Catholic New World: Newspaper for the Archdiocese of Chicago

The InterVIEW

Chicago historian found treasure in churches

Ed Kantowicz

A regular feature of The Catholic New World, The InterVIEW is an in-depth conversation with a person whose words, actions or ideas affect today's Catholic. It may be affirming of faith or confrontational. But it will always be stimulating.


Kantowicz spoke about what he found to assistant editor Michelle Martin in his Logan Square home.

The Catholic New World: Given your experience in this area, did you learn anything doing this book?

Ed Kantowicz: I learned massive amounts. Most of what I learned was about the suburbs. I’m a city boy born and bred. I sort of figured you drop off the edge of the world when you reach the city limits.

Of course, many suburban parishes are fascinating in their own right. It was largely unknown territory to me. I didn’t visit every single parish—the photographer, Tina Leto, did—but I did visit many. For me, that was a big learning experience, the other half of the archdiocese that was sort of terra incognita.

TCNW: How did you decide what the treasures were?

EK: I got recruited into working on the first Festival of Faith at Navy Pier in 2003 by Graz Marcheschi at the archdiocese. He asked Ellen Skerret, an excellent historian, and me to curate an exhibit of art treasures. So it was his idea. So Ellen and I wandered around and curated this exhibit— it was just a logistical nightmare, trying to get parishes to let go of their art treasures and have them transported to Navy Pier. So that started it. Then when Jac (Treanor) asked me to do this project, it was his idea to profile every single parish, sort of on the model that the New World does with Parish Pride. I said as part of this project, let’s do an art treasure thing.

I went through documents and sources at the archdiocese and identified some obvious prospects for each parish, but we left it up to the people at the parish to have the final say.

TCNW: What surprised you?

EK: I was well aware of the art treasures in city parishes. Some of them were just treasure troves—St. John Cantius, down at Chicago and Milwaukee, Holy Family (on Roosevelt Road) where they find vaults full of stuff they didn’t know they had—but my image of the suburbs was kind of ugly, McDonald’s-modern churches with stripped down altars and no art at all. What came as a surprise is that there are many churches that might not be very good looking on the outside and they are often quite striking in the interior. There are some amazing effects they do with soaring ceilings and wood rafters and sunburst stained glass windows and things like that. Also, there’s a great deal of art—statues and paintings, etc. there are also some really stunning modern pieces either by local artists or by internationally known artists.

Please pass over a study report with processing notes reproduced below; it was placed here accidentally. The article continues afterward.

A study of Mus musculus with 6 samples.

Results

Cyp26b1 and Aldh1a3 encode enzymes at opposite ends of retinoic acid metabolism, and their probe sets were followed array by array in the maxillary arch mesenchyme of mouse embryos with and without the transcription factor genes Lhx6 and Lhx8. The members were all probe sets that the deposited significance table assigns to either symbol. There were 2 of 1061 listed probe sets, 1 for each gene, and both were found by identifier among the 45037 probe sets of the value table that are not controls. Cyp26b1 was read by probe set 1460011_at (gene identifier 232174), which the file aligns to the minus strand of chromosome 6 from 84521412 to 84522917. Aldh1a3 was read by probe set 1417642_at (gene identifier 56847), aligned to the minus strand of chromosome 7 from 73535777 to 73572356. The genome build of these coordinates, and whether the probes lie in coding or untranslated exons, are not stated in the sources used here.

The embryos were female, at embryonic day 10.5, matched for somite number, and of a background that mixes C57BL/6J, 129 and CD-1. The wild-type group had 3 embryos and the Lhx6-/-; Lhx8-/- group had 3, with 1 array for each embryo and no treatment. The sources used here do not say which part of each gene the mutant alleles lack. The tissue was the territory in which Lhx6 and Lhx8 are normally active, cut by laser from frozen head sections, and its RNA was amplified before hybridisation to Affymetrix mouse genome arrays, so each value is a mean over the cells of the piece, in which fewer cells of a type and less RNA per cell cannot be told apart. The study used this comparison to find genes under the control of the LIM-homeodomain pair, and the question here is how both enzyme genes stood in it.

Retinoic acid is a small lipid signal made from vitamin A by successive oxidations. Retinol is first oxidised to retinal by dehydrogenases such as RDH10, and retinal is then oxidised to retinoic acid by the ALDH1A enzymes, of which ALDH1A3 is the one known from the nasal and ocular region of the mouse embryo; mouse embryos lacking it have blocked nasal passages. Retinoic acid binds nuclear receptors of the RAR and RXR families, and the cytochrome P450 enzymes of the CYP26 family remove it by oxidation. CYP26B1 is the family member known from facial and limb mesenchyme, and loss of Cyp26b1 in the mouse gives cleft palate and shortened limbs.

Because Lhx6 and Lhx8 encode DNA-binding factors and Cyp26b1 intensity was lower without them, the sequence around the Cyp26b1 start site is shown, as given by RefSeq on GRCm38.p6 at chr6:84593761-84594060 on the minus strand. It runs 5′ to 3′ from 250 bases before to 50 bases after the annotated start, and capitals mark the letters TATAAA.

TCNW: What themes did you find?

EK: I guess this makes sense for suburban parishes, because they were built for families, but the single most common icon is the holy family. There is example after example. There is a whole lot of Our Lady of Guadalupe statues—and not just in what you would think of as Mexican or Latino parishes. Our Lady of Guadalupe is not only patroness of Mexico, she’s the patroness of all the Americas and she’s been very much adopted.

TCNW: How did parishes react when you asked about their treasures?

EK: A lot of parishes did not want to buy into this idea of art treasures. It was a little bit of a hard sell with people in this post- Vatican II mindset that all churches ought to be stripped down and it’s the people that count, not the building. What we would usually do is compromise, and find one art treasure and incorporate the story about the people into the history of the parish.

TCNW: What’s your feeling? Is it appropriate for churches to have art treasures?

EK: It’s more than appropriate. I think it’s essential. There was a time of iconoclasm around the time of the second Vatican Council where some people, church liberals— including me—thought the art treasures of the 1930s were no more than kitsch and should have been consigned to the rubbish heap, and alas, they were, in the late ’60s and early ’70s. As churches were torn down or renovated, they were literally stripped down.

What began to turn my attitude around was one of my children. My son Greg is an artist himself, and when he was young, he turned me on to this. I began to realize what the medieval church builders knew hundreds of years ago, which is that when the sermon is less than A-1, the art treasures are educations in themselves, and they give people something to look at. As my son grew up and became an artist, he started dragging me around the city to look at these things. His favorite is St. Mary of the Angels in Bucktown, which we ended up using on the cover of the book.